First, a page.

We will know in a few hours when the Las Vegas Raiders will be scheduled to play their games next season. That will include when their home games will be (though crowds being there is still an uncertainty), what time their games will be, what a “difficult stretch” might look like, and how many are in primetime.
But we already know which teams the Raiders will face off against. How difficult is that slate of teams looking after free agency and the draft?
The defending Super Bowl champions, the team to beat in the division, and the team to be in the AFC. There’s no question who the dragon to slay is and nothing in the offseason has indicated that the Chiefs won’t be contending for a Super Bowl the next time they play. Chris Jones and Sammy Watkins both remain on the roster in spite of big 2020 cap hits, though that could change soon.
The Chargers finally parted with Philip Rivers, finally made a trade (acquiring Pro Bowl guard Trai Turner for Russell Okung), finally drafted a QBOTF in Justin Herbert, and finally traded up in a draft, selecting linebacker Kenneth Murray in the late first. I can see a path towards the Chargers improving on their 5-11 record of a year ago even without Rivers, though they’d be well ahead of schedule if they made the playoffs next season.
Denver Broncos x 2
They claim to be weaponizing Drew Lock and not scanning the market for a Cam Newton or anything at this point, so it really comes down to how well Lock performs. His offensive line might not be too bad, Courtland Sutton was great last season, and they added Jerry Jeudy in the first and receiver KJ Hamler in the second. They also signed Melvin Gordon to spell Phillip Lindsay. All told, I could see the Broncos winning 10 or more games next season, but if Lock is anything like Brock, they could go 4-12.
They fall short of the Super Bowl every year but they’ve been a consistent regular season nightmare for teams. If I was looking for a sleeper team for “bad” next year, the Saints have a case to be made. Especially if the Jameis Winston era starts in 2020.
Where Rivers went. The Colts have the offensive line to make them a contender to win 12+ games if Rivers plays a whole lot better than he did in 2019.
I was calling the Bucs “real contenders” at the end of the season, well before Tom Brady and Rob Gronkowski joined the team. Now it looks as though the Bucs will be, if anything, overrated. But that doesn’t mean they can’t go 13-3 next year.
They went 5-4 over the last nine games but the Dolphins carrying that pace into next season looks increasingly unlikely. They’ve opted to go with Ryan Fitzpatrick, Tua Tagovailoa, and Josh Rosen for now at QB and the offensive line has little reason for 2020 optimism (they drafted linemen in the first, second, and fourth rounds but you can never count on rookies to help significantly) so I won’t be surprised if Miami wins five games or fewer again. And I’d still be optimistic about their future.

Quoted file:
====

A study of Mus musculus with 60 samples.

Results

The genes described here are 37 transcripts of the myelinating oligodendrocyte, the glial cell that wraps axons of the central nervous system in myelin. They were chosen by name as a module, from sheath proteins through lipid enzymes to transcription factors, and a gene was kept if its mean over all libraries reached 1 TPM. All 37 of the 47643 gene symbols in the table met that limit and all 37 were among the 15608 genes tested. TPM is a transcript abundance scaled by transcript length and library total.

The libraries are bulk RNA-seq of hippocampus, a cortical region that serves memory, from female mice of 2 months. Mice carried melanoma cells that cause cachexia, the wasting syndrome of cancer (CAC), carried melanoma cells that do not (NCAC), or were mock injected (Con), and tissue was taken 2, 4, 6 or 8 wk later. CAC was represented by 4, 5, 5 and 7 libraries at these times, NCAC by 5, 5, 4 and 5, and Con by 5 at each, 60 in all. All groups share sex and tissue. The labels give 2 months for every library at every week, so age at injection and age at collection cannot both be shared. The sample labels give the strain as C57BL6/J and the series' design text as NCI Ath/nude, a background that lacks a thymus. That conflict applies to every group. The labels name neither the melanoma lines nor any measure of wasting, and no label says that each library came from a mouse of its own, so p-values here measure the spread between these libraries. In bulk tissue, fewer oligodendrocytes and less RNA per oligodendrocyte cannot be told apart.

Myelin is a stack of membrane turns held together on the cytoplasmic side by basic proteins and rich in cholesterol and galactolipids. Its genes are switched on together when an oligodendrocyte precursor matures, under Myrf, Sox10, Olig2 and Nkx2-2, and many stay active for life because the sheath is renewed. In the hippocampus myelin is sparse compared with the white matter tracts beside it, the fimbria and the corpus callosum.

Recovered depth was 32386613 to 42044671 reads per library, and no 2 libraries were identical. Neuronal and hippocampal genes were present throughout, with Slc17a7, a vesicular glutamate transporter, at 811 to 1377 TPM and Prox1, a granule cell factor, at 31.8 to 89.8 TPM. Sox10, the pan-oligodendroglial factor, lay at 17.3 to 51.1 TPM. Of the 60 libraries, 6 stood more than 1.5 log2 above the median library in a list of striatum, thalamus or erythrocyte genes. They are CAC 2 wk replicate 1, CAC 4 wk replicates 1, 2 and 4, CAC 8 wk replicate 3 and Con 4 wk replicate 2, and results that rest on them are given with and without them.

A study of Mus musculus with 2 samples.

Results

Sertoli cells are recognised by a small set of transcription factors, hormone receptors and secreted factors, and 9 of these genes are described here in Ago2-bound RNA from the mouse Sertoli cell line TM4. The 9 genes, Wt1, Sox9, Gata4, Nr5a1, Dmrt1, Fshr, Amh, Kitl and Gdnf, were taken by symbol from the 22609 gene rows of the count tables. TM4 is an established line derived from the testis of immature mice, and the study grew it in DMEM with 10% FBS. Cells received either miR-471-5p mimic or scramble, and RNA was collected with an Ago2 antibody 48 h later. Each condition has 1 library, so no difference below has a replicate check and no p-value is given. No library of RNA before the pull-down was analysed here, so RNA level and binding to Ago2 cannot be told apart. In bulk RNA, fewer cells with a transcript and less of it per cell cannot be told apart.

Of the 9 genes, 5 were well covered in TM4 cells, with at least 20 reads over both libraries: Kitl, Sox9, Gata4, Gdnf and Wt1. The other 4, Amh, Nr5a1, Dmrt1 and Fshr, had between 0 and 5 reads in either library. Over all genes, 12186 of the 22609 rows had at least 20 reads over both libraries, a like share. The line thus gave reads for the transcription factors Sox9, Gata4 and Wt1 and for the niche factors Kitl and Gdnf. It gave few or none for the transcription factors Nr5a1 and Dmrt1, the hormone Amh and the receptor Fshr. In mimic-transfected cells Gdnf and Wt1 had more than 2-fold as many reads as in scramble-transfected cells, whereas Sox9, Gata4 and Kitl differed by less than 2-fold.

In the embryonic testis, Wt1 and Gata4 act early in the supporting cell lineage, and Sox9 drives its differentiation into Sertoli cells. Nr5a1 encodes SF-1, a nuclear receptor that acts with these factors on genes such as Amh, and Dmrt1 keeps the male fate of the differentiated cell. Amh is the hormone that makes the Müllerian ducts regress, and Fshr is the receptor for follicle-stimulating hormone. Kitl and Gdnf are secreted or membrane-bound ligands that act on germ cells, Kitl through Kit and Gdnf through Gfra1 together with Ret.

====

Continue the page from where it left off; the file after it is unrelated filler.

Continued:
Other than the Dolphins, the home schedule seems difficult. The Bills are always contenders to flop and Josh Allen is the type of QB who probably needs an elite defense and running game. I would say that the running game is “fine” and the defense is “good.” Is Buffalo’s defense from last season just getting better or did they peak? That’s one of the hardest things in football to predict. I have no idea who is going to win the AFC East.
Played well in the second half of the season. Waiting for that offensive line investment in the 2019 draft to pay off. Added Todd Gurley, Hayden Hurst, and Dante Fowler. Drafted AJ Terrell in the first and is hoping to get back Keanu Neal. Understandable optimism for 10-6, as well as caution for 6-10.
I was not buying them a year ago. I would not slot them above Pittsburgh or Baltimore right now. It comes down to head coach Kevin Stefanski and if he’s finally the first good hire for the Browns since Bill Belichick.
No, I think they are a bad team. I’m sure there are a lot of people who see a lot of positive offseason moves happening like Teddy Bridgewater and Russell Okung and Robby Anderson and Derrick Brown and think “better” but I see a backup QB starting, maybe the worst secondary in the NFL, and potentially one of the worst front-sevens too. They had a lot of sacks last season under Ron Rivera, but outside of Brian Burns, is there a proven building block on defense?
I imagine Belichick imagining himself winning a Super Bowl with a 2000 Ravens or 2002 Bucs type of team. And I don’t know, in that division, with that coach, I could see it. Then there’s just the basic rules of NFL football, which say that if Jarrett Stidham is your quarterback, you’re not gonna make the playoffs. Then again, none of us really know what the deal is with Stidham. Or if they’re going to add a veteran.
Is there even a decent team in the AFC East? I guess the Bills could be. The Jets could be too. But Sam Darnold was bad last season. He did some good things too, but he was also bad. If they traded Jamal Adams, who is the great player on that defense? Quinnen Williams could be, though he didn’t have a great rookie campaign. CJ Mosley does return, allegedly. The offensive line added Mekhi Becton, and I don’t think that’ll help immediately. Of all the Raiders’ games, the ones against the AFC East may be their best opportunity to rack up victories.
Or their test that shows they aren’t ready to contend.